Bulgaria admitted to the haste of refusing Russian gas: it wants to outplay

If Germany can, then why can’t it

The EU countries that refused to pay for Russian gas supplies in rubles are beginning to change their attitude towards our currency. According to Bulgarian Energy Minister Alexander Nikolov, if Germany and Italy decided to pay for energy resources through ruble accounts in Gazprombank, then it makes no sense for the other members of the union to balk at this issue. Sofia asked the European Commission to clarify the boundaries of Western sanctions against Moscow and explain the conditions under which the payment of raw materials in the banknotes of our country will not be subject to restrictions.

It is likely that in the near future, following the Bulgarians, other EU members, who had previously rejected such a demand from the Kremlin, will think about switching to ruble settlements with Russia.

It took less than a month for Bulgaria to realize the impossibility of quickly replacing Russian gas with supplies from other producers. According to Nikolov, the authorities of his country have thought about the haste of refusing to pay Gazprom in rubles and intend to discuss with the European Commission the legitimacy of paying for energy resources in the banknotes of our country. “The level of solidarity on this issue should be as high as possible. If there are exceptions, it is worth assessing the effect of their impact on the entire system, since the European Commission has previously said clearly that paying for gas in rubles is a violation of sanctions,” he said.

The Bulgarian minister is hinting at Germany, Italy and Austria, which recently opened accounts with Gazprombank, thus taking the first step towards fulfilling Moscow’s demand to switch to the ruble form of payment. Sofia stopped receiving Russian gas, which almost completely covered the country’s needs for this type of fuel, at the end of April, when one of the first announced that it did not intend to revise the terms of the agreement with Moscow and convert the funds intended for paying for raw materials into the ruble equivalent. Since then, to maintain the energy balance, the Bulgarians have to make do with the resources accumulated in underground storage facilities or buy hydrocarbons from their EU neighbors. Moreover, Sofia was forced to negotiate with American companies on the supply of liquefied fuel by tanker fleet.

Bulgaria’s request addressed to the European Commission to clearly explain whether it is possible to pay for gas in Russian currency or whether this will contradict the parameters of sanctions is fair and sounded most welcome, says Nikita Maslennikov, a leading expert at the Center for Political Technologies.

Naturally, the states that agreed with Moscow’s demand will have an advantage over their EU partners who have abandoned the new scheme. The latter will have to buy energy resources from alternative suppliers, whose prices are likely to be higher. Despite the assertions of Bulgarian officials that LNG supplied by American tankers is allegedly cheaper than Gazprom’s fuel, it is unlikely that in the future overseas suppliers will be as loyal to Sofia and will certainly raise prices. In this case, the conditions for competitiveness in the European fuel market will be violated, since the same Berlin and Rome will be able to import more Russian raw materials, and sell the surplus to countries that have rejected Moscow’s ultimatum and are faced with a shortage of hydrocarbons.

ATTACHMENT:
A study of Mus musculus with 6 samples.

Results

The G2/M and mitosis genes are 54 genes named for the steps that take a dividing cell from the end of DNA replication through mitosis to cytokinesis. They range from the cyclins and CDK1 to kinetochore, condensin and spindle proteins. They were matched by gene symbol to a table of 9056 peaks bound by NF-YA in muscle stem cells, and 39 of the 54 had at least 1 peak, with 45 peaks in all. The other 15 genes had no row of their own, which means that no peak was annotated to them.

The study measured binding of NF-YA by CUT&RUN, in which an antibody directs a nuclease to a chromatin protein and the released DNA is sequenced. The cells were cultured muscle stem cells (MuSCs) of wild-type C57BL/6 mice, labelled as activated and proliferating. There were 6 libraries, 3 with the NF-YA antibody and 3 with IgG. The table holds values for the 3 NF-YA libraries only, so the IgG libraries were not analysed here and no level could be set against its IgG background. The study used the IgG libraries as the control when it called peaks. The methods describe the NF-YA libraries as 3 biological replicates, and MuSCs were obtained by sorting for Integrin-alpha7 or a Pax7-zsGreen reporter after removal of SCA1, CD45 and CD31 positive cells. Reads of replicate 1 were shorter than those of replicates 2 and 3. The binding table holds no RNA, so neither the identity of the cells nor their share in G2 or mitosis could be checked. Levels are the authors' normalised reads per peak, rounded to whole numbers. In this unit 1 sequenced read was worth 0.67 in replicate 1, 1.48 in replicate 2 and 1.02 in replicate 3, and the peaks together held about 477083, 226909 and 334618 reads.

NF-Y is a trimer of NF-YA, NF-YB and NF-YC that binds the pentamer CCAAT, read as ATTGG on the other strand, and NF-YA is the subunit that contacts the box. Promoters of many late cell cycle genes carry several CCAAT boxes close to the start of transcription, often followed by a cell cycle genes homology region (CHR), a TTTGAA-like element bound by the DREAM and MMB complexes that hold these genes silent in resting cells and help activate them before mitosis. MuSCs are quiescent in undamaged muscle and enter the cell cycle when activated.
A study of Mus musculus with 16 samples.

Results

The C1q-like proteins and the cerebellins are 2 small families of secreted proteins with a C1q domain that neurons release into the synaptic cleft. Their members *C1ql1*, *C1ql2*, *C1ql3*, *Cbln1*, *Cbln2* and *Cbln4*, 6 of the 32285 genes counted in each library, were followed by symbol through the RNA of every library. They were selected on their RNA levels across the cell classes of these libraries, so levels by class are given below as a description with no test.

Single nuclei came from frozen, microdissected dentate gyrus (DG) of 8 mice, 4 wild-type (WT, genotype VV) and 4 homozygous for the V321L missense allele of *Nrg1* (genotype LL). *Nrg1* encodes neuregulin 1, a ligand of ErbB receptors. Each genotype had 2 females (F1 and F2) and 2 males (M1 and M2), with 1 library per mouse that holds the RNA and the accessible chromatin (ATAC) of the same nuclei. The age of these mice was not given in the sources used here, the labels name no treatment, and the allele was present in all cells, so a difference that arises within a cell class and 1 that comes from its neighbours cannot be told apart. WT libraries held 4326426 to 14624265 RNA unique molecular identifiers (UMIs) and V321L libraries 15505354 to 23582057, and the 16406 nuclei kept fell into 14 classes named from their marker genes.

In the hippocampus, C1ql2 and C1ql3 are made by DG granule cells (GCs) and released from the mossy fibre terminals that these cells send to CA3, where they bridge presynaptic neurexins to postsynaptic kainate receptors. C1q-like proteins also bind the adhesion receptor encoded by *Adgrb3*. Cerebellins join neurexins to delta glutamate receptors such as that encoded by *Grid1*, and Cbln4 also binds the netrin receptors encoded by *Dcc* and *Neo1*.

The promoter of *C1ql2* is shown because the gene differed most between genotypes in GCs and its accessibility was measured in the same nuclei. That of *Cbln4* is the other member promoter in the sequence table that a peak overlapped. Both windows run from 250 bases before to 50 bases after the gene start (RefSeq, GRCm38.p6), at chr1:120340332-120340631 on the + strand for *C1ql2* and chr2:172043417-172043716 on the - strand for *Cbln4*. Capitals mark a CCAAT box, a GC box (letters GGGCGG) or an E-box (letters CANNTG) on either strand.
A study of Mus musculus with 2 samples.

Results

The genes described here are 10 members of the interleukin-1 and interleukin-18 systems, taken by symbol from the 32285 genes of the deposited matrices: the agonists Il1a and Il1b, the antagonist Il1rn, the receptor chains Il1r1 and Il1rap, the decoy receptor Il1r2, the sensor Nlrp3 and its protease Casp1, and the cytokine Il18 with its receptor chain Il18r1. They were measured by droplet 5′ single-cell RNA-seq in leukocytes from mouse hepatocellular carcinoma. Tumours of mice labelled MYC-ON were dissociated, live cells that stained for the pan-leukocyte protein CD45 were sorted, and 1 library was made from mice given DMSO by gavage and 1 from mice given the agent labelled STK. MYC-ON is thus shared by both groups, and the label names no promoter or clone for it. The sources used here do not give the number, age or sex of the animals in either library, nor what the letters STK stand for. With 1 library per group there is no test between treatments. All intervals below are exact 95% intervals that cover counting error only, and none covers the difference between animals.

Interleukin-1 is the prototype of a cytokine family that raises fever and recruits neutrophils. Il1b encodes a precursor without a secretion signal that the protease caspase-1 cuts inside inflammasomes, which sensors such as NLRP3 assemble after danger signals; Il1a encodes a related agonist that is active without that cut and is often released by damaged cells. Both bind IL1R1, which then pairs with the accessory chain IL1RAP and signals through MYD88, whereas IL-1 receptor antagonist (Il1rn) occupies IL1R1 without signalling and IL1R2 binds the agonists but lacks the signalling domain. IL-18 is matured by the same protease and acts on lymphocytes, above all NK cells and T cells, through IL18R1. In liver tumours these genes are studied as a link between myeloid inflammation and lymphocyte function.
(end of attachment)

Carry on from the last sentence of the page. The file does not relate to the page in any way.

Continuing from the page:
There is no doubt that the energy resources purchased in the USA will be more expensive than the Russian counterpart. The pricing of liquefied fuel in the European Union is tied to stock quotes. American deliveries, most likely, were calculated on the basis of April quotes, which outperformed the current level by about 20%.

Market participants name another trick that can reduce the interest of Bulgarian consumers in liquefied gas from the States. A few years ago, the Polish state corporation PGNiG also entered into a long-term agreement with Washington to buy LNG at prices “30% lower” than those of Gazprom. True, the US lucrative offer disguised the international trade formula Free on Board, according to which the contracted cost of “blue fuel” did not take into account the cost of its delivery across the Atlantic, regasification, transportation through intra-European pipelines, as well as tax payments. As a result, “cheap” American gas cost the Poles a pretty penny.

According to Vladislav Antonov, a financial analyst at BitRiver, as soon as the European Commission gives additional instructions for buying gas, other EU members, who until recently were not going to open ruble accounts, will change their attitude to the form of payment for raw materials following the Bulgarians. None of them wants to overpay for gas and thus willingly give a competitive advantage to the more accommodating members of the alliance. The Europeans have realized that they cannot do without Russian energy resources and are trying to find a compromise solution on how to buy it without violating their sanctions.

Meanwhile, as Kirill Melnikov, head of the Center for Energy Development, believes, even after consultations with the European Commission, the situation with the issue of “gas currency” may remain unclear. “Bulgaria runs the risk of not receiving clear instructions this time. Brussels is unlikely to go for a formal change in its position, however, it will not directly prohibit the ruble version of the calculation either, ”the expert believes.